February 12, 2024 | By Anthony Capkun

February 12, 2024 – Residential building construction costs increased 0.9% in the fourth quarter of 2023, reports Statistics Canada, following a 1.2% increase in the previous quarter. Non-residential building construction costs rose 0.7% in Q4 2023, following a 1.3% increase in the previous quarter.

The deceleration observed in Q4 continued the 2023 trend of abating price pressure in both residential and non-residential building construction costs.

Q4 also marked the slowest quarterly growth since the second quarter of 2020 for residential building construction costs, and the slowest quarterly growth since the fourth quarter of 2020 for non-residential building construction costs.

Year-over-year, construction costs for residential buildings in the 11-census metropolitan area (CMA) composite rose 6.0% in the fourth quarter of 2023, while non-residential building construction costs increased 5.4%.

(The 11-census metropolitan area composite comprises St. John’s, Halifax, Moncton, Montreal, Ottawa, Toronto, Winnipeg, Saskatoon, Calgary, Edmonton, Vancouver.)

In Q4 2023, residential building construction costs rose across 10 of the 11 CMAs measured. Calgary and Vancouver saw the largest quarterly increases (each up 1.7%). Edmonton (-0.1%) was the only CMA to record a decline in residential construction costs.

In the 11-CMA composite, the cost to build townhomes and low-rise apartment buildings (each up 1.0%) experienced the strongest increases of all residential buildings in scope for the survey.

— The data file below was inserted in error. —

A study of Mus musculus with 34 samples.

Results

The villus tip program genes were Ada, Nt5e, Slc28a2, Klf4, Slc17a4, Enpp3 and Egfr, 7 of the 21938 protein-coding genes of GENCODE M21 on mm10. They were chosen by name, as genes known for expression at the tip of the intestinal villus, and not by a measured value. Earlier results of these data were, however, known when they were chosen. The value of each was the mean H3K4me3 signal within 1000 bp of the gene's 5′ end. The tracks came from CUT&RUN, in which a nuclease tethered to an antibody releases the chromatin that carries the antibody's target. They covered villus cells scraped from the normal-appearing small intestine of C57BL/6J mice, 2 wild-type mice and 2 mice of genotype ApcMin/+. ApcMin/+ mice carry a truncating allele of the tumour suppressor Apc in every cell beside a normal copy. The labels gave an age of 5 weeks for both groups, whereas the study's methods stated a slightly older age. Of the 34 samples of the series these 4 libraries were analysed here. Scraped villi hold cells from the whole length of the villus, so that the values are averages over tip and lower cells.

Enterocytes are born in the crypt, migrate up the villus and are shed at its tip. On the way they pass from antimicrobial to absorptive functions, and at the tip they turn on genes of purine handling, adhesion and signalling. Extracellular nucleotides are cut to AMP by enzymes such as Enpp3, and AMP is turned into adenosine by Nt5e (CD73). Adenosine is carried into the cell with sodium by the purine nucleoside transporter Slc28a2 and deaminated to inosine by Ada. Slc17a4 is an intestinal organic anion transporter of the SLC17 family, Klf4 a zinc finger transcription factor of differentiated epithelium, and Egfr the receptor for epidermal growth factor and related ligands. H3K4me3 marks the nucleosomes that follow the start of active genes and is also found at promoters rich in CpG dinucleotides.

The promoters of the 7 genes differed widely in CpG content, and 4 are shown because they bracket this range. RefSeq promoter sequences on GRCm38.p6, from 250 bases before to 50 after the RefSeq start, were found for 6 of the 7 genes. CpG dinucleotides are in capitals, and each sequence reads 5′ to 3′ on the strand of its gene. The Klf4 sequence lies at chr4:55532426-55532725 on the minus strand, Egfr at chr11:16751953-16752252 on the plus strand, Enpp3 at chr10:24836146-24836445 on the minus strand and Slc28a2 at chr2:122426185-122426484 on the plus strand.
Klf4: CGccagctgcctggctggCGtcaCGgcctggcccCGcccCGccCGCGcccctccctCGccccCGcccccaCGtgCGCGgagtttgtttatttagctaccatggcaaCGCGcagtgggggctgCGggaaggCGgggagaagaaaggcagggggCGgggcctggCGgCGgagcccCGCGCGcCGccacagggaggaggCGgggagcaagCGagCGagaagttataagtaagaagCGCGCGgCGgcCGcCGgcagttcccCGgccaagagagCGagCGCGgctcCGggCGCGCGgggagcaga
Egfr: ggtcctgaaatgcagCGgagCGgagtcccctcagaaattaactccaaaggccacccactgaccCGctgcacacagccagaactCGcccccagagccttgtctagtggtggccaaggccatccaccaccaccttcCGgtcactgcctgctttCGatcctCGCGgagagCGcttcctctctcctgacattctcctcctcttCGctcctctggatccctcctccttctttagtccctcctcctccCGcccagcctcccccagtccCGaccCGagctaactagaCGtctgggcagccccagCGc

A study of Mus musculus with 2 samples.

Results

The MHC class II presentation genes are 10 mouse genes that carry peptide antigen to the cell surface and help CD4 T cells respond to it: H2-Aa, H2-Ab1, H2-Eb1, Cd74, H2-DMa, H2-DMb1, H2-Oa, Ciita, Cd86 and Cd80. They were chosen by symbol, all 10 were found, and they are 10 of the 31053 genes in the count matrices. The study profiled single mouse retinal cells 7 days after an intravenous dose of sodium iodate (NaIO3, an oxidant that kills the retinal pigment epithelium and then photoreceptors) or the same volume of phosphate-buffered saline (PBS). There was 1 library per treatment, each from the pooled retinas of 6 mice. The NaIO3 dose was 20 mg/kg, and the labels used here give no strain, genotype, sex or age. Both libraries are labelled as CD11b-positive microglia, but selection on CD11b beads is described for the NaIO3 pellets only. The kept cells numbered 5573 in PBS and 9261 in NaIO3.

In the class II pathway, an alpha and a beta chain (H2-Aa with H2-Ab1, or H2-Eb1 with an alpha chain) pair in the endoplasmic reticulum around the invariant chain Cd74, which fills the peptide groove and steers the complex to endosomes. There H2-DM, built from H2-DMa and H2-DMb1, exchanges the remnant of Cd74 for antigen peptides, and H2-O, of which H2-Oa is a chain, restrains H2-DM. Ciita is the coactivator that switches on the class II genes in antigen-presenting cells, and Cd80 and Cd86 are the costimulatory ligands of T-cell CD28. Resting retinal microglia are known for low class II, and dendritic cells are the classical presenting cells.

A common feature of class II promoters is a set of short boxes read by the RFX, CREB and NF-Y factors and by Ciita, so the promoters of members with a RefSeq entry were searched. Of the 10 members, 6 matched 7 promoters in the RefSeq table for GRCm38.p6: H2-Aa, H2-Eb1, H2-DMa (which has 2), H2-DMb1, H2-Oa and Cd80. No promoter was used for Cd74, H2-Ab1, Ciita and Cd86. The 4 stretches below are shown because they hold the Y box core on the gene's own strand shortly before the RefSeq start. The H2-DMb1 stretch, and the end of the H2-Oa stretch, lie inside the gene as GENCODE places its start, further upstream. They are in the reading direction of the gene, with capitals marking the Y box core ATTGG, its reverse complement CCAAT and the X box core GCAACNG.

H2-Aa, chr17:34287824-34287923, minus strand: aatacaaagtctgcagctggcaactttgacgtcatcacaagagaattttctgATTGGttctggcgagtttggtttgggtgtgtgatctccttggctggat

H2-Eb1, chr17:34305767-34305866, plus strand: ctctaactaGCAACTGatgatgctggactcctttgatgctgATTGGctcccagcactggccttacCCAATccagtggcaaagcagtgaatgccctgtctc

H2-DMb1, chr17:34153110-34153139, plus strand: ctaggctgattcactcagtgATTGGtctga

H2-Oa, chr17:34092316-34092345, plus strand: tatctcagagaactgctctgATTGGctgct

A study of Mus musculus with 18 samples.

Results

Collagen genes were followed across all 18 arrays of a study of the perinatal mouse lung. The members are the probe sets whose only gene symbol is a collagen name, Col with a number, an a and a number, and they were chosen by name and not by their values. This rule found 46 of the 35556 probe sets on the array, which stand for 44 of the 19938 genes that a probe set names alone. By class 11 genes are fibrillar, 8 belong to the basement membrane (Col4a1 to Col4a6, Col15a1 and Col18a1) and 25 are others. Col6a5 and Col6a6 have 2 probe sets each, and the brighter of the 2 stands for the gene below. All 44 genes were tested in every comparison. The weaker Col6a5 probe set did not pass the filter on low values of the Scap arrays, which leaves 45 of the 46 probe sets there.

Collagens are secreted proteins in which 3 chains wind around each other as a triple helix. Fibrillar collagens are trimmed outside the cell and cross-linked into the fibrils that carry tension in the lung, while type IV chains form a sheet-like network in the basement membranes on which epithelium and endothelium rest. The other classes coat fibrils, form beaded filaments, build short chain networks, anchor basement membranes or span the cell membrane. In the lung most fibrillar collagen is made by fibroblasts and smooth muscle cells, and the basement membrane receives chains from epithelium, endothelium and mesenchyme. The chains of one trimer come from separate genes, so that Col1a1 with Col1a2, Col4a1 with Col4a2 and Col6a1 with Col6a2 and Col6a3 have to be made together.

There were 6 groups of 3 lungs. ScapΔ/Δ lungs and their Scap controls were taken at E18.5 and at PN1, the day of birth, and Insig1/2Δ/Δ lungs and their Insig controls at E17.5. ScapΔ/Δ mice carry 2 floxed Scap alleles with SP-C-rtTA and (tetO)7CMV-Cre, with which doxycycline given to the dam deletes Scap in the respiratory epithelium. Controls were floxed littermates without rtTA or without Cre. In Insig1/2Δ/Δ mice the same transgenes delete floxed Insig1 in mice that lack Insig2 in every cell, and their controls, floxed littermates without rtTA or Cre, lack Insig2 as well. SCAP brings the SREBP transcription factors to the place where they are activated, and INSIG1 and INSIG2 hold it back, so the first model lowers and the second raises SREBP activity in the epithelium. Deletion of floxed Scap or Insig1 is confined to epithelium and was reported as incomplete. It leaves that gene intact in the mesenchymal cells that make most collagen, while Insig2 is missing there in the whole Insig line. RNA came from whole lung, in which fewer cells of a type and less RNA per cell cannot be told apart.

Costs to construct non-residential buildings increased the most in Winnipeg and Saskatoon (each up 1.0%) in the fourth quarter.

Of all non-residential buildings surveyed, the cost to build shopping centres, warehouses, and schools all experienced the same cost pressure (+0.7% for each) in the fourth quarter.

Building construction prices – 2023 in review

As construction activity remained strong through 2023, persistent labour shortages across several industries increased competition for labour, driving wages and, ultimately, construction prices higher.

With interest rates remaining elevated through the year, new housing starts slowed (-8.2%) in 2023, as did number of building permits and permit values for both new residential and non-residential construction.

With activity slowing, the construction industry job vacancy rate ended November 2023 at 4.5%, its lowest level since February 2021. Despite the steadily declining vacancy rate, persistent skilled labour shortages put upward pressure on wages in most industries through 2023.

As these pressures continued to abate, residential and non-residential construction costs continued to decelerate through 2023 from the double-digit increases seen in 2022.

In 2023, the 11-CMA composite for residential building construction costs rose 7.6% on an annual average basis, a deceleration from the double-digit increases observed the year prior. Cost increases varied significantly across CMAs, with Toronto (+12.7%), Halifax (+8.2%), and Vancouver (+7.8%) experiencing the largest cost increases in 2023.

The 11-CMA composite for non-residential construction costs increased 7.1% on an annual average basis in 2023 following a record yearly increase (+12.5%) in 2022. Costs increased across all CMAs measured in 2023, with Moncton (+12.1%) experiencing the largest increase, followed by Ottawa and Vancouver (each up +8.4%).